Monday, June 17, 2013
"Mr. Penumbra's 24-Hour Bookstore" by Robin Sloan
Now, this is obviously not a new question, but it's a question that's key to Mr. Penumbra's 24-Hour Bookstore, which pits the power of Google (literally) against human ingenuity and resourcefulness. In the novel, Clay is a recession-era unemployed young person, who agrees to be night clerk at a mysterious, and primarily customer-less, 24-hour used bookstore. At the same time he meets Kat, an up-and-coming programmer at Google, he also discovers that certain books in the store contain a type of code--which he inadvertently cracks one evening using a computer program. This leads to a secret cultish society, running around New York's hackerdom, a cardboard digital camera, and using the entirety of Google's servers for three seconds (among other things).
A bad analogy would be to call the novel a kind of techie, less annoying Da Vinci Code, though it's not nearly as puzzle driven. Instead, perhaps, it's more an ode to "cool"--both the cool that is Google, and the cool that is making a miniature in-detail town in your living room. The Google love can be a bit heavy, to the point where (close to manic pixie dream girl trope) Kat can be pretty annoying, though Google probably can do (nearly) everything, so I suppose I can't say anything. Also, everyone in the novel is pretty much absolutely amazing at everything... doesn't everyone need some dumb friends?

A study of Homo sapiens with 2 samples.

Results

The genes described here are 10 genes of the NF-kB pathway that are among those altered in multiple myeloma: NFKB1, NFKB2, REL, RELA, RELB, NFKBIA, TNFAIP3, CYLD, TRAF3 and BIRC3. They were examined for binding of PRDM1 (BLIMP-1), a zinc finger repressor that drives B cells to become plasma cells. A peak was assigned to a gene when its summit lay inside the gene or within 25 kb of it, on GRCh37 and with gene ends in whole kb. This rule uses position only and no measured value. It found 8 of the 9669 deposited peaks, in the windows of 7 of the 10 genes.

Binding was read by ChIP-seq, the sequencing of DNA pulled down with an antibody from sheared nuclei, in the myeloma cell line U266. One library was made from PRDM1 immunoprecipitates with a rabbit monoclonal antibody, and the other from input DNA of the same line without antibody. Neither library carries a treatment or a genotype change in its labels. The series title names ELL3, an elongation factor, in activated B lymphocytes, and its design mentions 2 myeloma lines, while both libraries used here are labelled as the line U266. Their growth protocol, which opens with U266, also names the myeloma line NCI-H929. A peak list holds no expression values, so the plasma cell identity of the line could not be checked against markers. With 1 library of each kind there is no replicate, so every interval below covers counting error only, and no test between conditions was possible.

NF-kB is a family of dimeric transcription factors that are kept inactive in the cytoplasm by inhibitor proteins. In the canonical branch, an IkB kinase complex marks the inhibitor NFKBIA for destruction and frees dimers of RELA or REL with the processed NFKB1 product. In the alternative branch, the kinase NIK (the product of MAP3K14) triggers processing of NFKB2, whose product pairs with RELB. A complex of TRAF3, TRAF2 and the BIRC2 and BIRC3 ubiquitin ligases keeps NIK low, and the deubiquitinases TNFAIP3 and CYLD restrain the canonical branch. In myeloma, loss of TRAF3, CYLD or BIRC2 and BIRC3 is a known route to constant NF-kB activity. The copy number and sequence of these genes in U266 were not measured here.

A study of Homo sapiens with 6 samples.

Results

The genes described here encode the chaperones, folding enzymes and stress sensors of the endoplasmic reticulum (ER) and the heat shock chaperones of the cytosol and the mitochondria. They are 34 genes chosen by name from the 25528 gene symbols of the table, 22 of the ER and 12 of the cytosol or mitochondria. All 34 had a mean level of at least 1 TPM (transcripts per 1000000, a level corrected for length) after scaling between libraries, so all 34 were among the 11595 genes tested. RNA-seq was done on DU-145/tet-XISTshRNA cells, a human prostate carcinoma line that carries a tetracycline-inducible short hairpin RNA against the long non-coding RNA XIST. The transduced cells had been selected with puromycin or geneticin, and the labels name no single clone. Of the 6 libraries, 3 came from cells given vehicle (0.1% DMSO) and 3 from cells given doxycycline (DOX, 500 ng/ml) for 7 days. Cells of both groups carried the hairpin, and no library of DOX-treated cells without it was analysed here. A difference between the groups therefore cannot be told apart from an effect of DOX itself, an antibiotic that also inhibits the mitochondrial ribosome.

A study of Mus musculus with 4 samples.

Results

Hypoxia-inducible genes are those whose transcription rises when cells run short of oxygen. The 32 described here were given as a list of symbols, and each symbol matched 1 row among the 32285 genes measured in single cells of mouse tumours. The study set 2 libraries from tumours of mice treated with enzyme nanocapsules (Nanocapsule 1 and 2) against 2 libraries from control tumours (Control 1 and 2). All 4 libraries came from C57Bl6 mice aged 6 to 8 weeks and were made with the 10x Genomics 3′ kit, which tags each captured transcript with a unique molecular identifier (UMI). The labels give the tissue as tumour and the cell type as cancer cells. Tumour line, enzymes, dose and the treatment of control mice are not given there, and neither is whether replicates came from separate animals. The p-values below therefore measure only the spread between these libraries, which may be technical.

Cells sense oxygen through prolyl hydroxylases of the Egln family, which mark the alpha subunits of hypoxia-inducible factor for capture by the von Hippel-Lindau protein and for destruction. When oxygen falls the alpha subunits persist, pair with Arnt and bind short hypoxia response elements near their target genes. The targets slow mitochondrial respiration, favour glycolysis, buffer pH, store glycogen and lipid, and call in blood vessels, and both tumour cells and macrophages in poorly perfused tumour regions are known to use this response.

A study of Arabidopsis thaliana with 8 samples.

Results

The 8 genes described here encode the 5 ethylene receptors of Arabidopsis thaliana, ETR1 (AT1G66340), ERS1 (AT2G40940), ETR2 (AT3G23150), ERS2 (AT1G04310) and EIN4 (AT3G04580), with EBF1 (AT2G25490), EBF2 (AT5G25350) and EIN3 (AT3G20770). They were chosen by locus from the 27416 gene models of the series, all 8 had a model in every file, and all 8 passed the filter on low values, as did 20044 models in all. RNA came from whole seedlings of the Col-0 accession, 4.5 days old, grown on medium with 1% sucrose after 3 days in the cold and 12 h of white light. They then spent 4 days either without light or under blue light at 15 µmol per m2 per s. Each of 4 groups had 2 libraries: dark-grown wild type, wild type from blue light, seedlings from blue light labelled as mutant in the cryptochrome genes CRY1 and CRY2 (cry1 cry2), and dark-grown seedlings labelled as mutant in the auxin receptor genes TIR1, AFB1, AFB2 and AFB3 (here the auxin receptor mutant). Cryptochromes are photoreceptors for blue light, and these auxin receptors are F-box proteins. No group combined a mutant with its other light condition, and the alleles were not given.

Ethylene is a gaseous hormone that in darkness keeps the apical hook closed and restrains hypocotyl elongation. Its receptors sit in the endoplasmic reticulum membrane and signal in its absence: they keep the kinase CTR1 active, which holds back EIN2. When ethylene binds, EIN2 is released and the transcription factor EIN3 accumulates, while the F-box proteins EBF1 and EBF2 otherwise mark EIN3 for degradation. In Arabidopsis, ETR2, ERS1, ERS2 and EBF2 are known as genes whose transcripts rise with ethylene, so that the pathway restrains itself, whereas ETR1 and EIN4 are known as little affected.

Speaking of characters, Clay, Kat, and the rest--Mr. Penumbra, Clay's childhood friend Neel, kinda-villain Corvina--are all fairly flat. They're hipsters (well, okay, Mr. Penumbra and Corvina are old, so they're not, but all the young characters are) who have plenty of time and money to go on adventures and be into weird things the rest of us are too "square" to get (a month away from thirty and see how curmudgeonly I get?).
But, back to the initial question. So, does the power of the Internet win over that darn human mind? Of course not. In Mr. Penumbra's 24-Hour Bookstore Google is awesome, but the brain (and friendship!) still triumph technological brawn. Way to have a boring response to a pretty interesting question.